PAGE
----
Academics and Research / Magazine Feature

Change in MBA curriculum is unprecedented shift in philosophy for Daniel

Students entering the MBA program at the Daniels College of Business in 2007 will encounter a revolutionary curriculum that includes 20 credit hours dedicated to saving the world.

The new “MBA Compass” curriculum will constitute a full 25 percent of MBA program requirements, complementing the traditional MBA core and elective coursework.

“This represents a fundamental shift in business-school philosophy,” says Stephen Haag, associate dean for graduate programs and academic centers at Daniels. “No other schools are doing this.”

Haag believes the Compass curriculum will teach students to “lead for a better tomorrow.” The five-course curriculum will focus on topics such as human rights, environmental leadership, world hunger, renewable energy, affordable health care and micro-financing for social entrepreneurship activities. The courses will be team-taught by faculty in a variety of disciplines, including finance, marketing and information technology.

“Our faculty recognizes that the business world changes. Our teaching must change as well to adapt to the times,” says Haag, noting that it’s been several years since the MBA curriculum was last revised.

The curriculum redesign process began last June with faculty committees identifying desired program changes. Focus groups made up of current and prospective students, parents of prospective students, and community business leaders provided feedback.

The program was unanimously accepted by the Daniels faculty in September and was approved by DU’s Board of Trustees in October.

“It’s an integrated, eclectic approach to teaching,” Haag says. “It will be a new concept for many of the professors.”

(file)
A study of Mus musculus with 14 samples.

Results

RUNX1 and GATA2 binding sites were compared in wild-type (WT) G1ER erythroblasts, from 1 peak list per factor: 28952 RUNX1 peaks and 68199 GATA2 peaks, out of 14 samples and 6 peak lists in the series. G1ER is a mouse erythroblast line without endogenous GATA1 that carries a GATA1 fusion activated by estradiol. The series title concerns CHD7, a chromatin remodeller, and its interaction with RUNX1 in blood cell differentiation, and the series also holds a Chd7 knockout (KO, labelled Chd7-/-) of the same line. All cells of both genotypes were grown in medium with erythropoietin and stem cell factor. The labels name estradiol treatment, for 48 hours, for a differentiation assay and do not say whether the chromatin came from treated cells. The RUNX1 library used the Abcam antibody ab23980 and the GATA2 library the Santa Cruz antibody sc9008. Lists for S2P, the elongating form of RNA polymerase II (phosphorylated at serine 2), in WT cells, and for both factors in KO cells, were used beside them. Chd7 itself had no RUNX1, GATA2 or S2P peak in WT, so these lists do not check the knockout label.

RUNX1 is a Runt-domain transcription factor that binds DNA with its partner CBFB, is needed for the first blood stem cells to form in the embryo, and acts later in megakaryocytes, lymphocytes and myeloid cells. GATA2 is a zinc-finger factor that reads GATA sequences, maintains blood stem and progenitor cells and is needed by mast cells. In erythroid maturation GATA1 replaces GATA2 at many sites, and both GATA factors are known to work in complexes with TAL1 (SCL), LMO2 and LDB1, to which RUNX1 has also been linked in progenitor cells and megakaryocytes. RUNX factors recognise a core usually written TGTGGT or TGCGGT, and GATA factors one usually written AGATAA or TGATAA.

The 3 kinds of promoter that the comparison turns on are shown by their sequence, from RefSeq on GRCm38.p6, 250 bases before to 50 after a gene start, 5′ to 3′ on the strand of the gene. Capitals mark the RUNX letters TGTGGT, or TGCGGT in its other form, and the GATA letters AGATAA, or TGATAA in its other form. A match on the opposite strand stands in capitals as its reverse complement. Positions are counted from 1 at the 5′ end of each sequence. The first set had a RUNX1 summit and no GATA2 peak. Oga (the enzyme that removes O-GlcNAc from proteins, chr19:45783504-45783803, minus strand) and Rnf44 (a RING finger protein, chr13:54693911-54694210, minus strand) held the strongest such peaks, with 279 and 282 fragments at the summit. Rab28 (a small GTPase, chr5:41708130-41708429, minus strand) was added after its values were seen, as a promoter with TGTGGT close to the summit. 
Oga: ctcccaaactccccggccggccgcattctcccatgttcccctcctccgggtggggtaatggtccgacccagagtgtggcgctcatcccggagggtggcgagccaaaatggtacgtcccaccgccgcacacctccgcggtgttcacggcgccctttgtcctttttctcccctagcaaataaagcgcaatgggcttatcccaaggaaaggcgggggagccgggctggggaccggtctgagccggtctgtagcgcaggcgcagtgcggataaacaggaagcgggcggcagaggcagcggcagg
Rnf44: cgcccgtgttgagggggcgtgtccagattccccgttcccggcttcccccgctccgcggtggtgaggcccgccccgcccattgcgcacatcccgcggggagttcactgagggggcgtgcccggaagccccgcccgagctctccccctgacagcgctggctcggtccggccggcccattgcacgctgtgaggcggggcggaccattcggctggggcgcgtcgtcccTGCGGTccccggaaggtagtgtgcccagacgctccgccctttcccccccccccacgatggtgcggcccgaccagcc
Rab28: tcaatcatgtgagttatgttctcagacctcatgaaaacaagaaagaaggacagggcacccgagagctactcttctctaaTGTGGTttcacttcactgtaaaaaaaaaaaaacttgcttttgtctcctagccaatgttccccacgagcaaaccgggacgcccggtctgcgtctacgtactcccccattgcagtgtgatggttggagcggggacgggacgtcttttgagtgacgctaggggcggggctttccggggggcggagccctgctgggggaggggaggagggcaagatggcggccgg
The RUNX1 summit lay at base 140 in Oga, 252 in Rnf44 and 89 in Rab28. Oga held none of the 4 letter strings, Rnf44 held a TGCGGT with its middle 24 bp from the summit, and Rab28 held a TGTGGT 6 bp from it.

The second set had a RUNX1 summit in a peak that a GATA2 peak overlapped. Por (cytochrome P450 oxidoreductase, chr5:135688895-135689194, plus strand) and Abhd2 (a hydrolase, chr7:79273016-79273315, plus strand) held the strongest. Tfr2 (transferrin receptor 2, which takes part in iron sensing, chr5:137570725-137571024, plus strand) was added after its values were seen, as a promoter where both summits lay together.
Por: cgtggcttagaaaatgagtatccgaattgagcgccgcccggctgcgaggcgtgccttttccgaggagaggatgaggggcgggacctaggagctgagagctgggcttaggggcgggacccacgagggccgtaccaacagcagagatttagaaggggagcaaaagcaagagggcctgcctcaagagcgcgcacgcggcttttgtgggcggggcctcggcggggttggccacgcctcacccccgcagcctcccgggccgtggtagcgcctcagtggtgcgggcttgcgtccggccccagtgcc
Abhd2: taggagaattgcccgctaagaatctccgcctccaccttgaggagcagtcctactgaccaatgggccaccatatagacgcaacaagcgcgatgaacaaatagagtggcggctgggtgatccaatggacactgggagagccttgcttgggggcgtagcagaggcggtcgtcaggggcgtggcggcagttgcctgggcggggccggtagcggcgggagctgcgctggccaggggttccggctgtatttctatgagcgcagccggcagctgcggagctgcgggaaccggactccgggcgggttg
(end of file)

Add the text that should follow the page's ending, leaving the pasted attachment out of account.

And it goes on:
Daniels College’s focus on the teaching of ethics and values sprung from benefactor Bill Daniels’ belief that it is possible to be successful in business while maintaining a social conscience. The Wall Street Journal/Harris Interactive’s graduate business school ranking placed Daniels at No. 3, tied with Yale, for producing students with strong ethical standards. 

“The Compass component takes our commitment to ethics to the next level,” Haag says. “Other schools have one course in ethics. We now have five that focus on ethics and larger issues such as sustainability.”

Feedback from students and business leaders has been positive, and many current students have asked if they can be included in the Compass program, Haag says. And although the school did not create the new program with recruitment in mind, Haag feels it will help.

Carol Alm, assistant dean of graduate program services, believes the new curriculum will also appeal to employers.

“We hear from employers that they want students who are savvy and who have had experiences and exposure,” Alm says. “Our graduates will reflect the values-based curriculum in the way they talk and interact in the business world.”

“We will produce graduates who have social consciousness,” Haag adds. “Their commitment to doing good will extend beyond their company’s stakeholders to the community, the country and the entire world.”

This article originally appeared in The Source, December 2006.